My freelance office setup.
This week marks my first week as a full-time freelancer and I am so excited about it! After completing my Master’s in September 2018, I have been juggling freelance work with a part-time job. I am incredibly fortunate to have a very supportive partner, meaning that I am able to take the leap into full-time freelancing much earlier than I would have otherwise expected. The last four months have seen me undertaking freelance copywriting (writing literary guides for students of English), freelance translation projects for both direct clients and agencies and freelance role-play work (role-playing as a patient to help medical students with their consultation skills).
As I embark on this new adventure as a full-time freelancer, I have a few projects already lined up. In this first week, I am undertaking four role-play sessions for medical students, writing another literary guide and doing a couple of pieces of translation work. I feel so lucky to have already received this much work and I am loving the variety!
So, with this blog post, I basically wanted to share a couple of things I have learnt from my first forays into the freelancing world:
- Marketing is going to take up way more time than you think it will. From researching best practices to maintaining several social media, it takes a surprising amount of time.
- However marketing is worth it! I have already had enquiries come through via my Facebook page and this website.
- Imposter syndrome is real. Going it alone as a freelancer means there is no one there to hold your hand and tell you you’re doing a good job or if your work needs improvement. So, you should take every opportunity to receive feedback, from your clients, from mentors and from other professionals in your field.
- If you’re hoping to make it as a translator, you need to make time for language learning. It is an ongoing process and you need to keep your finger on the pulse when it comes to language!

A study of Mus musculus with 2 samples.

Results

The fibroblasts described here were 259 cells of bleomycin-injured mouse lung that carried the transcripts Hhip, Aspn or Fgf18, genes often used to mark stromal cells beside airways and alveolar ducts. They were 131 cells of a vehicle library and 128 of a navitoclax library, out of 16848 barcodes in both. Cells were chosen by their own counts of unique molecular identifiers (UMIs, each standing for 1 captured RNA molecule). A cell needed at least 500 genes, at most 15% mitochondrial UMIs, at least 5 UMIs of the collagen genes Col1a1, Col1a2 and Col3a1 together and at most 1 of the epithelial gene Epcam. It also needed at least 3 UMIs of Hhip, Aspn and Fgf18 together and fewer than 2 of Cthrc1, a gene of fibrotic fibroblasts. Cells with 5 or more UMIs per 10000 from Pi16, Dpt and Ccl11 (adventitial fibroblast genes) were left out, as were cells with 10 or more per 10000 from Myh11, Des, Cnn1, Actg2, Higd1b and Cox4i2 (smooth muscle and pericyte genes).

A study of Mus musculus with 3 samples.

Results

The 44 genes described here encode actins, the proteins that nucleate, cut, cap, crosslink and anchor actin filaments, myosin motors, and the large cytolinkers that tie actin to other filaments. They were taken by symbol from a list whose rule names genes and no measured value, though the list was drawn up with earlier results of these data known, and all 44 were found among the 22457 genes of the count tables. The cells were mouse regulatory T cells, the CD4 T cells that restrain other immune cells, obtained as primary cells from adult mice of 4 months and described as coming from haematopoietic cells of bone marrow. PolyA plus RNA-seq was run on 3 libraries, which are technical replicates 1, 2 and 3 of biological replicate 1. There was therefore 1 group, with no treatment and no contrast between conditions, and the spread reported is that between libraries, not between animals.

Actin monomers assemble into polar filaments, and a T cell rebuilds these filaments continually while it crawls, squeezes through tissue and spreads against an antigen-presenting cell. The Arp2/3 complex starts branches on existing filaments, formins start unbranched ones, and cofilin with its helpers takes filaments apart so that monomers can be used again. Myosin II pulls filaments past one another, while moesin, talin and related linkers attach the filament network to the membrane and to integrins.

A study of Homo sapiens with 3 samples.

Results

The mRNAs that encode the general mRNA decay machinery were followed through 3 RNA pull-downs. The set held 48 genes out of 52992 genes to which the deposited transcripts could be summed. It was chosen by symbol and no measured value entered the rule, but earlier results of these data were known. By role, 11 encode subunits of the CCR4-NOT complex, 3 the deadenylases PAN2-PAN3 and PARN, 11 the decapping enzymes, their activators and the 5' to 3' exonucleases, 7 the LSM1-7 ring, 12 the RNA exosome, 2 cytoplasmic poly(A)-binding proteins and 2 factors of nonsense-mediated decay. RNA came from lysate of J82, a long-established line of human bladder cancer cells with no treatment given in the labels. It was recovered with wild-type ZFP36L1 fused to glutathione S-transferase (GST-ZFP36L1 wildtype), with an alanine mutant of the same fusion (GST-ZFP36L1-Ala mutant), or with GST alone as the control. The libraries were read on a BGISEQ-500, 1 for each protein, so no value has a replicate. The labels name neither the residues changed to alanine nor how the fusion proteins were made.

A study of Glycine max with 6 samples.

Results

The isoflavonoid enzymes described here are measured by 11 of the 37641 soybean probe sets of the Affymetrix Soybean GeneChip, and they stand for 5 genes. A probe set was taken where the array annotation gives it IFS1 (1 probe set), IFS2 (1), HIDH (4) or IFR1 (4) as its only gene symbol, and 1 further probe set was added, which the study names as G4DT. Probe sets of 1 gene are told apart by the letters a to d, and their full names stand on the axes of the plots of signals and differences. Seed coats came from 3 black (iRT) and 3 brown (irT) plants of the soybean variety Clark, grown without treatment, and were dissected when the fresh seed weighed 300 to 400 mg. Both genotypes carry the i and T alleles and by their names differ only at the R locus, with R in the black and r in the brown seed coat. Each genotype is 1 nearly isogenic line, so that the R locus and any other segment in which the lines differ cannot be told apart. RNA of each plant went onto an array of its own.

- One of the joys of freelancing is managing your own time. By being freelance, I’m able to go for a run during the day if I want, do some household chores or meet a friend for coffee, because I know I can complete my work in the evening.
- However, you need to keep to deadlines! Sometimes it is hard to and it might mean working into the night. But it is important to keep to them, especially if it is your first piece of work for a client. First impressions are everything. Also, be realistic with deadlines and negotiate or even turn down work if you don’t think you can complete it by the deadline.
- Read, read, read. Find other professionals in your field who have been doing it for longer and read any advice they have. This could come in the form of books, tweets, blog posts or even podcasts or YouTube videos! Learn from their experience.
- And perhaps most importantly, remember that freelancing is fun! You can pick which projects you work on, meaning that you can choose work that you really love. It may also give you the time and ability to work on pro bono projects that you are really passionate about.
I hope this was an interesting look into what the early months of working freelance might look like. If you want to chat about your thoughts on this blogpost, any ideas you might have for further posts or you have some enquiries about translation, please contact me via my contact page or on social media!